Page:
The Official Voice of Vietnam Veterans of America, Inc. ®
An organization chartered by the U.S. Congress

May/June 2004

Megan's Book of Love


When Megan Rihn wanted to get to know her grandfather better, she grabbed a pen and paper and marched into Susan Coleman Fowler's home and began riddling her grandmother with questions. Megan, 10, turned the notes she took from that interview into a book, simply titled Joel D. Coleman.

Megan's hardbound book now has a place of honor in the library at Shaler Area Middle School in Glenshaw, Pa. Written and illustrated by Megan Rihn, the 15-page book recounts in aching detail the story of her family's loss following her grandfather's death in Vietnam.

"My grandfather's name is Joel D. Coleman. He enlisted in the U.S. Army in January 1965. After basic training, he received his orders for Vietnam on November 18, 1965. He was assigned to the First Cavalry Division Airmobile. My grandfather had only one month to spend with his wife and two-month-old daughter before he left."

Her grandmother knew, Megan wrote, that "Vietnam was a very dangerous place.''

Susan Coleman Fowler's worst fears were realized when her husband, Sp4 Coleman, was killed in action on May 5, 1966, while serving with Alpha Company, Second Battalion, Seventh Cavalry Regiment, First Cavalry Division. He was 21 years old.

Megan's mother, Kelly Coleman Rihn, was only seven months old when her father died. She has no memory of him. But as a board member of Sons and Daughters in Touch, Kelly has worked hard to retain the memory of her father for the sake of her daughters, Megan and Alyssa. Megan has grown up making regular trips to the Vietnam Veterans Memorial in Washington, D.C. She's studied her mother's photos of her grandfather as a young soldier. And she has been encouraged to talk freely about the grandfather she never knew.

So when Megan was given a class assignment to create a book in February 2003, she immediately wanted to write about her grandfather. "I thought it would be a neat way to learn more about him,'' Megan said.

Megan drafted the questions for her grandmother. "I wanted to know about when my grandfather received his orders to Vietnam,'' she said. It helped that her grandmother was approachable. "I never felt like there wasn't anything I couldn't ask her about my grandfather,'' she said.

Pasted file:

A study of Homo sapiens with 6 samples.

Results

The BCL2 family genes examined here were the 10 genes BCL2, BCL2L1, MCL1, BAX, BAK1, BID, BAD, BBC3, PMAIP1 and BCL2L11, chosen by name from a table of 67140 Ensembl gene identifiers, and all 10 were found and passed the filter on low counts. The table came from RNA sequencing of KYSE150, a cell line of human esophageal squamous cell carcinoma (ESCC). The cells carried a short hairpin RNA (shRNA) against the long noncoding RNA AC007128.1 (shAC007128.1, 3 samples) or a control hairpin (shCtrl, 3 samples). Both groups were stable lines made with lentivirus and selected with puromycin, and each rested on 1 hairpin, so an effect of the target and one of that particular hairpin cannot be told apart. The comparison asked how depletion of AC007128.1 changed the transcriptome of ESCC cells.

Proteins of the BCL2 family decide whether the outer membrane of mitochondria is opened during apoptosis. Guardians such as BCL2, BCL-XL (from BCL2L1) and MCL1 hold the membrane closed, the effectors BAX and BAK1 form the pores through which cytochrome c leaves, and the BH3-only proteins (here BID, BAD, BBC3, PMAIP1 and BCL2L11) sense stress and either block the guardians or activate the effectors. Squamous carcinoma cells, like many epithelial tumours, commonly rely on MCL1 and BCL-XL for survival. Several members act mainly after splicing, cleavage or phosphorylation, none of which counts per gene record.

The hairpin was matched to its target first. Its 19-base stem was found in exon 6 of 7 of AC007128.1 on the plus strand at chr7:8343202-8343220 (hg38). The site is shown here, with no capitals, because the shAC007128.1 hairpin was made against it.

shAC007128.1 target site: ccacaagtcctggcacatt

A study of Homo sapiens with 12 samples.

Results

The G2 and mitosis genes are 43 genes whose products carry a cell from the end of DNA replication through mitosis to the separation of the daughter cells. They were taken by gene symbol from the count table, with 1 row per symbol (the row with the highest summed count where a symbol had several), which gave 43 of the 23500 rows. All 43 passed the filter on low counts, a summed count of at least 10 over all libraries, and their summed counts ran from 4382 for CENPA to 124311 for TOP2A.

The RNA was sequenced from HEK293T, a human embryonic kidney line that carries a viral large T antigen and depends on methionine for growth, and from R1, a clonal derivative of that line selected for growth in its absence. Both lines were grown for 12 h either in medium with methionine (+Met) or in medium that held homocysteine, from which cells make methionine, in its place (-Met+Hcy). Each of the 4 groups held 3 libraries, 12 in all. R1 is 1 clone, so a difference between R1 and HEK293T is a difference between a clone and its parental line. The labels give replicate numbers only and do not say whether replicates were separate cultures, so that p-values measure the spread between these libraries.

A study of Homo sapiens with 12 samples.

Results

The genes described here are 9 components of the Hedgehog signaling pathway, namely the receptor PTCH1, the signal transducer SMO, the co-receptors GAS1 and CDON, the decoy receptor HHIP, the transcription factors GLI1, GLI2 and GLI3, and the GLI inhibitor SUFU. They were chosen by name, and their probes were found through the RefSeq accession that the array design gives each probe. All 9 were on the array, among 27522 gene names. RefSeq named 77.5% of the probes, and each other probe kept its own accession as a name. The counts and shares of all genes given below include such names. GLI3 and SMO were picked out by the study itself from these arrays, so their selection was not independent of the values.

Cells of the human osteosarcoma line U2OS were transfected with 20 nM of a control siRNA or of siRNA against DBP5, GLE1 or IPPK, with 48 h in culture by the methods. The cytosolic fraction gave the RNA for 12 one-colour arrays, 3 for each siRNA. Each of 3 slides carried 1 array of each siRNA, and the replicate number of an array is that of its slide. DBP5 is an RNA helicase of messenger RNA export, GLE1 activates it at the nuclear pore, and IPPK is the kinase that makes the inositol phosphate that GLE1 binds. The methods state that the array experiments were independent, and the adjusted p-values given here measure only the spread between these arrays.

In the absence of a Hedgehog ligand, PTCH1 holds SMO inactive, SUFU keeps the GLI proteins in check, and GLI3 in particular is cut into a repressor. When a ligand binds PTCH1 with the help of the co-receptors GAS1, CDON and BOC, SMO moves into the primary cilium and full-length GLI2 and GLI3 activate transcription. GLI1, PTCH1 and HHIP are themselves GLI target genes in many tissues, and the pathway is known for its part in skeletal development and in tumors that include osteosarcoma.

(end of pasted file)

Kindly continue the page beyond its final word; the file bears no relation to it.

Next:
Megan had many questions for her grandmother:

How did his leaving make you feel? His leaving put a hole in her heart.

What was his last gift to you? A gold watch.

What was your biggest fear? My grandmother had a feeling she would never see him again and she would be left to raise my mom alone.

Did he write you from Vietnam? My grandmother received many letters from Vietnam. She wrote to my grandfather every day and sometimes she sent him care packages. He would never tell anything that would make her worry. But once again, she knew better.

Was there any support for her, other than family? She told me of an organization called the Viet Wives Club. The club was a group of women from the Pittsburgh area that would meet once a week at Carnegie Mellon University. It was a support group for wives whose husbands were in Vietnam. The women would talk and share their loneliness, sadness, and fears. The fear of their husbands' deaths hovered over them.

Ultimately, Megan said, what she longed to understand was how the death of her grandfather changed her grandmother's and mother's lives. Megan's questions astounded both her grandmother and mother. "My mother called me after Megan had been over to interview her and said she couldn't believe the questions that Megan came up with,'' Kelly Coleman Rihn said.

Megan dismisses her insights with a shrug of her slight shoulders. "I don't know how I came up with the questions. They were just things I thought about.''

And yet, Megan said, the most surprising story she unearthed wasn't about soldiers and war, but flowers and love.

The night before my grandmother received the telegram from the Army, she took my mom out to buy her first pair of shoes. It was May 5, 1966. She told me that when they were shopping, she noticed the strongest aroma of roses. This was approximately 6:30 p.m. The following day, an officer and chaplain arrived at her house to tell her that my grandfather had been killed at 6:30 p.m. the day before.''

It took Megan a month to compile her notes and illustrations into a story format. The First Cavalry insignia, a Purple Heart, and a copy of the fateful telegram are included. There also is a sketch of Joel Coleman's name highlighted on the Vietnam Veterans Memorial. A single rose is propped against the panel.

"My grandfather's name, Joel D. Coleman, can be found on panel 7-E, line 29 of the Vietnam Veterans Memorial. This is my grandfather's name in history.''

Karen Spears Zacharias is the daughter of David P. Spears, KIA, July 24, 1966.